One of the stranger aspects of the Brexit saga has been the ignorance of eu norms, rules, history, and institutional practices appearing throughout the public debate in the United Kingdom. This has led to several predictable and rather basic errors of diplomacy, and a far more arduous “negotiation” than some on both sides –uk and eu – may have wanted or intended.
The Brexit Negotiations and What They Say about Britain’s Misunderstanding of the eu
N. Piers Ludlow
Because of Pierre Renouvin’s key role in defining the history of international relations, French historians have long nurtured a complex relationship with this academic field. Since the early 2000s, there has been a new commitment in this field, marked by both a sociological and cultural approach.
The social history of diplomacy includes many elements, one of which is assemblage, or the material spaces of diplomatic activity and the various bodies they include. Another is the state effect – the documents and objects of diplomacy – as well as the state affect – the more intangible understandings and beliefs that condition diplomacy and lay well outside the state itself. Assemblage, effects, and affects, taken together, must form the basis of a deeper understanding of diplomatic relations and a new diplomatic history.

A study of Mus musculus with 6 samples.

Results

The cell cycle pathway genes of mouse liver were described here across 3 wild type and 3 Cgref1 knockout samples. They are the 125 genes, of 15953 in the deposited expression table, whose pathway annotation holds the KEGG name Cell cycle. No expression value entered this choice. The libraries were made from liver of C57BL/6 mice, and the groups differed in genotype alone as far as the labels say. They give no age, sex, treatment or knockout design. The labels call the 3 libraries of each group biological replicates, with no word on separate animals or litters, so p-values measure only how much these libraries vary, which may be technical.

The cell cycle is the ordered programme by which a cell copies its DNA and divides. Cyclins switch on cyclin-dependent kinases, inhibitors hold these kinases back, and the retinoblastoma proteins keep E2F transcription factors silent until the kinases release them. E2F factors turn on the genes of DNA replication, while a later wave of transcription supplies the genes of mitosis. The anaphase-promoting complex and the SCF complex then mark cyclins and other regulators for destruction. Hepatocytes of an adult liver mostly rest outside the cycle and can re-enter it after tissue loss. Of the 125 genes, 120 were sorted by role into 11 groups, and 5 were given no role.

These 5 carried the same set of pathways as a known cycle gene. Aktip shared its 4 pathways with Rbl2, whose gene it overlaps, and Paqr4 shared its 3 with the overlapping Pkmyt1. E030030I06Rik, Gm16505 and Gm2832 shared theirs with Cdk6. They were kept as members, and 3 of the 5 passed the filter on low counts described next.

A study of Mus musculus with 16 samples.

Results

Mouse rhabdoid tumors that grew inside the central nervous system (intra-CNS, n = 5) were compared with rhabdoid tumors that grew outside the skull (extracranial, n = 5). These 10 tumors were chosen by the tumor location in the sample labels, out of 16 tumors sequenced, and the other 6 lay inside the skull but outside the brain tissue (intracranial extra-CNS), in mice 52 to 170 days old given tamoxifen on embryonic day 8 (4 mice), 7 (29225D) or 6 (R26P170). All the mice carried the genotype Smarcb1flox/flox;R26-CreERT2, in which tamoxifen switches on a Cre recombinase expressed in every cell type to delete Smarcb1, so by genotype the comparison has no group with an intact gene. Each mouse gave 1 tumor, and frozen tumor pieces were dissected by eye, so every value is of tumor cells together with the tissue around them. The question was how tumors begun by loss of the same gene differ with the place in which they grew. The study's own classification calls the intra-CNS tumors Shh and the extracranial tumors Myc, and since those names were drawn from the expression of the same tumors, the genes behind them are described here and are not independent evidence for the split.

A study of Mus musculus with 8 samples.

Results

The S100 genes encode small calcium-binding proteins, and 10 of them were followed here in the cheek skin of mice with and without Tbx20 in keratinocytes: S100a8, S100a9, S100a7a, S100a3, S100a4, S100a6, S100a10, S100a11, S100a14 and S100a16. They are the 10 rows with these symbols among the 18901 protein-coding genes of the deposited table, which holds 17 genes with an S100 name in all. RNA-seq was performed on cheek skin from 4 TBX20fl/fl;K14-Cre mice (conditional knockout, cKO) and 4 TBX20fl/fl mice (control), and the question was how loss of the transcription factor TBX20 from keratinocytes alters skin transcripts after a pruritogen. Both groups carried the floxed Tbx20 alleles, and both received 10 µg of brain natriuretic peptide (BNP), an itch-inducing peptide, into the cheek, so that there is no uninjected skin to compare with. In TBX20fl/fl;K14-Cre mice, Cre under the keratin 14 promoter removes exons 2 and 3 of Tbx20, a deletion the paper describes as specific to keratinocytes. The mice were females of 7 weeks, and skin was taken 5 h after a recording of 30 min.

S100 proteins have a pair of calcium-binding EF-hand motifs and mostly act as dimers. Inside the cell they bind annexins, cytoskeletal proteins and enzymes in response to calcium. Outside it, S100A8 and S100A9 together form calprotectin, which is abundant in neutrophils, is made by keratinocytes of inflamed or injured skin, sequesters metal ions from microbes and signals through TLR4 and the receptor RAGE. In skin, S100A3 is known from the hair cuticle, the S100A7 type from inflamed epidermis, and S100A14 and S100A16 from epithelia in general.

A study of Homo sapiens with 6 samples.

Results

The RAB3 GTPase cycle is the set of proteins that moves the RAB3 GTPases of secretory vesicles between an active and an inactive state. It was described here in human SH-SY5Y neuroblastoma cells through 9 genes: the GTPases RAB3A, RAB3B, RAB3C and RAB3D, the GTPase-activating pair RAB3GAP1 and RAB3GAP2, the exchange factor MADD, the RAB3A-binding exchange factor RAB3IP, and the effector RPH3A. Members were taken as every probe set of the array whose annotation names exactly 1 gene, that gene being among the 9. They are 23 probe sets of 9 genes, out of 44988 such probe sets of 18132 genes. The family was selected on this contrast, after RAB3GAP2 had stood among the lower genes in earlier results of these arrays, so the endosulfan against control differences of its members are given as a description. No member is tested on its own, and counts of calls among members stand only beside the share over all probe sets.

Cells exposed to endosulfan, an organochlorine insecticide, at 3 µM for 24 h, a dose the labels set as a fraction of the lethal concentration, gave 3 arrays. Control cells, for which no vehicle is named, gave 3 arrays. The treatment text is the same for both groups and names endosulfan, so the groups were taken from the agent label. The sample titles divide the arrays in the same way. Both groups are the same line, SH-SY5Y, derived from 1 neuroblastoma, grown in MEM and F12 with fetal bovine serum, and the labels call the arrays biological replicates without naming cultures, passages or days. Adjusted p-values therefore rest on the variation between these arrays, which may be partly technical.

Giles Scott-Smith and Kenneth Weisbrode
Diplomats as consumers and producers of literary texts have a long history. More recent, however, is a literary understanding of dress, ceremony, gifts, and other trappings of the diplomatic profession as essential components of representation – of power, of the state, and of diplomats themselves.